General Petraeus affair raises deep personal and public questions

CIA Director David Petraeus has resigned over an extra-marital affair, reportedly with his biographer. How did the FBI learn that his personal e-mail account had been hacked? What happens to the spy agency now, under fire for its handling of the terrorist attack at Benghazi?

Pablo Martinez Monsivais/AP
Holly Petraeus holds the family Bible as her husband David Petraeus is sworn in by Vice President Joe Biden as CIA Director at the White House in Sept. 2011.
T. Ortega Gaines/The Charlotte Observer/AP
Paula Broadwell, author of the David Petraeus biography "All In," poses for photos in Charlotte, N.C.

The news that shocked Washington this week – the resignation of CIA Director David Petraeus because of an extra-marital affair – leaves a string of unanswered questions.

How and why was the FBI led to investigate suspicions that Gen. Petraeus’s personal e-mail account had been hacked? Did someone in the CIA opposed to his leadership methods tip off the FBI, as one conspiracy theory alleges?

How did the woman widely reported to have been involved in the affair become so close to the nation’s spymaster? Did she have access to Petraeus’s Gmail account, and were any national secrets compromised?

What happens to the agency now, and will Petraeus testify to Congress this coming week about the CIA’s handling of the terrorist attack in Benghazi, Libya that killed US ambassador Christopher Stevens and three other American personnel – including two former Navy SEALs working as CIA contract employees?


Holly Petraeus, his wife of 37 years, has been a leader in caring for military families with financial problems. Mrs. Petraeus is the assistant director for service member affairs at the federal Consumer Financial Protection Bureau – in particular going after abusive bank lending practices and questionable home foreclosures. Mr. and Mrs. Petraeus have two adult children, one of whom served as an infantry platoon leader in Afghanistan.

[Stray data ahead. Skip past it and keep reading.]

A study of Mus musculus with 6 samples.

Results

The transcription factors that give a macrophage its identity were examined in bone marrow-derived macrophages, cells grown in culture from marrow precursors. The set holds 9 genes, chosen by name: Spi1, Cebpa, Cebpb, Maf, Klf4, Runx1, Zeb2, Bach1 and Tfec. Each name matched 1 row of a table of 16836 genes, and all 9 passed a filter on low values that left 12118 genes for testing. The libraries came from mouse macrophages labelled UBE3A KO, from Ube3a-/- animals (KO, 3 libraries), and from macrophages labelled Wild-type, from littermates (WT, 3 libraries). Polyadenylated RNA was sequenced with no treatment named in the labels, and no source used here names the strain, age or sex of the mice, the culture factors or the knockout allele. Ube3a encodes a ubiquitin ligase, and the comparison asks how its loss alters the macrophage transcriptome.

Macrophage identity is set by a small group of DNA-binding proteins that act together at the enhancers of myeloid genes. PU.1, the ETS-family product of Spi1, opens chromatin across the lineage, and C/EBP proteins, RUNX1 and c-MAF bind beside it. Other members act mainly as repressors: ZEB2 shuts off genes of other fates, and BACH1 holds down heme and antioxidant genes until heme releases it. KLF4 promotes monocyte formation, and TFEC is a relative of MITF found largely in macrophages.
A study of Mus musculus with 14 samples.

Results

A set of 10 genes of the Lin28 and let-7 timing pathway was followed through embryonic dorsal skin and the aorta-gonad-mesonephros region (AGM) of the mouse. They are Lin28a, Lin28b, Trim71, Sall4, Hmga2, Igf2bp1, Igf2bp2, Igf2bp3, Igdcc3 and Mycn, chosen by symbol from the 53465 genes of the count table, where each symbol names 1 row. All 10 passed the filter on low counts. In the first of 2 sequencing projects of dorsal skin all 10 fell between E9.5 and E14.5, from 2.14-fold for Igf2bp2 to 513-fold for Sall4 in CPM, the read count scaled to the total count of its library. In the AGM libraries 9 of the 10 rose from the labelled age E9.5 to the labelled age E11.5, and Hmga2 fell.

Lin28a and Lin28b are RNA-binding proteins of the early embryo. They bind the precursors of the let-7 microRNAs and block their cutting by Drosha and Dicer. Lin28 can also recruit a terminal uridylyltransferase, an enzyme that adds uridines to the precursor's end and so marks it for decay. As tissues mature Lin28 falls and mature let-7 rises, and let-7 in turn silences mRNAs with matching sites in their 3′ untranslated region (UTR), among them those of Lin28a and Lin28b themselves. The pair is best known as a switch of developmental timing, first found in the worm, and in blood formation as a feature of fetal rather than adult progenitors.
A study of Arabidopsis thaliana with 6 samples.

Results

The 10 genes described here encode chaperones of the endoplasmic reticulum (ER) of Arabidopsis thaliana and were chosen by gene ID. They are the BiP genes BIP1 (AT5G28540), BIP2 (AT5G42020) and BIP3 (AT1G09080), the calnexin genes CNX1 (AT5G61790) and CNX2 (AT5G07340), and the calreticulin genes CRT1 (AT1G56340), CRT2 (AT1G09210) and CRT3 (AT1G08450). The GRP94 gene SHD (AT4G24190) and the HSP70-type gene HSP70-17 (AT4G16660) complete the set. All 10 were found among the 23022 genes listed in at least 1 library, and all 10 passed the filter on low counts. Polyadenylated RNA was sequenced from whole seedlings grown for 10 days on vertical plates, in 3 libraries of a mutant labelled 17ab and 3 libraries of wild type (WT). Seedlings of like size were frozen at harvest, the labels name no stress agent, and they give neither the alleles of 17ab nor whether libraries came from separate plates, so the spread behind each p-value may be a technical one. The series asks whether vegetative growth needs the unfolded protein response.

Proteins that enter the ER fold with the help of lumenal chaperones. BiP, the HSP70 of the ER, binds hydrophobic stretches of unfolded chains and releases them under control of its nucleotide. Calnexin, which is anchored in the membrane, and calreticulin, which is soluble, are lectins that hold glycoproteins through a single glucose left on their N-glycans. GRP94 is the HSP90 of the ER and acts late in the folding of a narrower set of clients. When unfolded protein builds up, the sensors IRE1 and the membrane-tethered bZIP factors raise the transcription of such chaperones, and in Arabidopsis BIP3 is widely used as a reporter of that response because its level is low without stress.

Many news sources have named Paula Broadwell, the co-author of “All In: The Education of General David Petraeus,” as having been involved in the affair.

Like Petraeus, Ms. Broadwell (some 20 years younger than the retired four-star Army general) is a graduate of the US Military Academy at West Point. She’s a fitness buff who, as author of a book about the nation’s most famous general, became a bit of a celebrity herself – appearing in a string of television interviews, including The Daily Show with Jon Stewart.

Until it was taken down Friday night, her website described Broadwell as a research associate at Harvard University's Center for Public Leadership and a doctoral candidate in the Department of War Studies at King's College London.

With Petraeus’s full cooperation, Broadwell began her doctoral dissertation on his leadership, which evolved into a glowing biography published last year. She is reported to be married to a radiologist in North Carolina with whom she has two young children.

Meanwhile, speculation about the relationship and Broadwell’s connection to Petraeus’s personal e-mail account (not his official CIA e-mail) continues to swirl.

ABC’s Martha Raddatz tweeted this: “Official tells me sevrl people who knew Petraeus got anonymous harassing emails. So investigation started. Emails then traced to Broadwell.”

In any case, once the affair became known to federal agencies and then to the White House, there was little question that it presented a massive breach of trust with the potential for national security implications.

“Any derogatory information that would lead you to be subject to blackmail by a foreign intelligence service would be potentially a basis for revoking your security clearance or not granting one to begin with,” John Pike of told the Boston Globe. “You are required to disclose any compromising information, from financial irregularities to an extramarital affair.”

“Behavior of the kind that is perceived as scandalous would be problematic for the CIA director,” Steven Aftergood, director of the Project on Government Secrecy at the Federation of American Scientists, told the Globe. “It would make it harder for the agency to enforce standards among its workforce and it would be a significant distraction in terms of the agency’s public relations.”

Most of the reaction in Washington reads like a sad political obituary for an extraordinary military leader, some suggesting that his marital infidelity should not have been reason for his departure from official public life. After all, it is noted, General Dwight Eisenhower carried on an affair when he was leading the allies to victory in Europe in World War 11. More recently, a string of prominent politicians – from former House Speaker Newt Gingrich to former President Bill Clinton – have survived similar scandals.

But not, it appears, in the case of David Petraeus.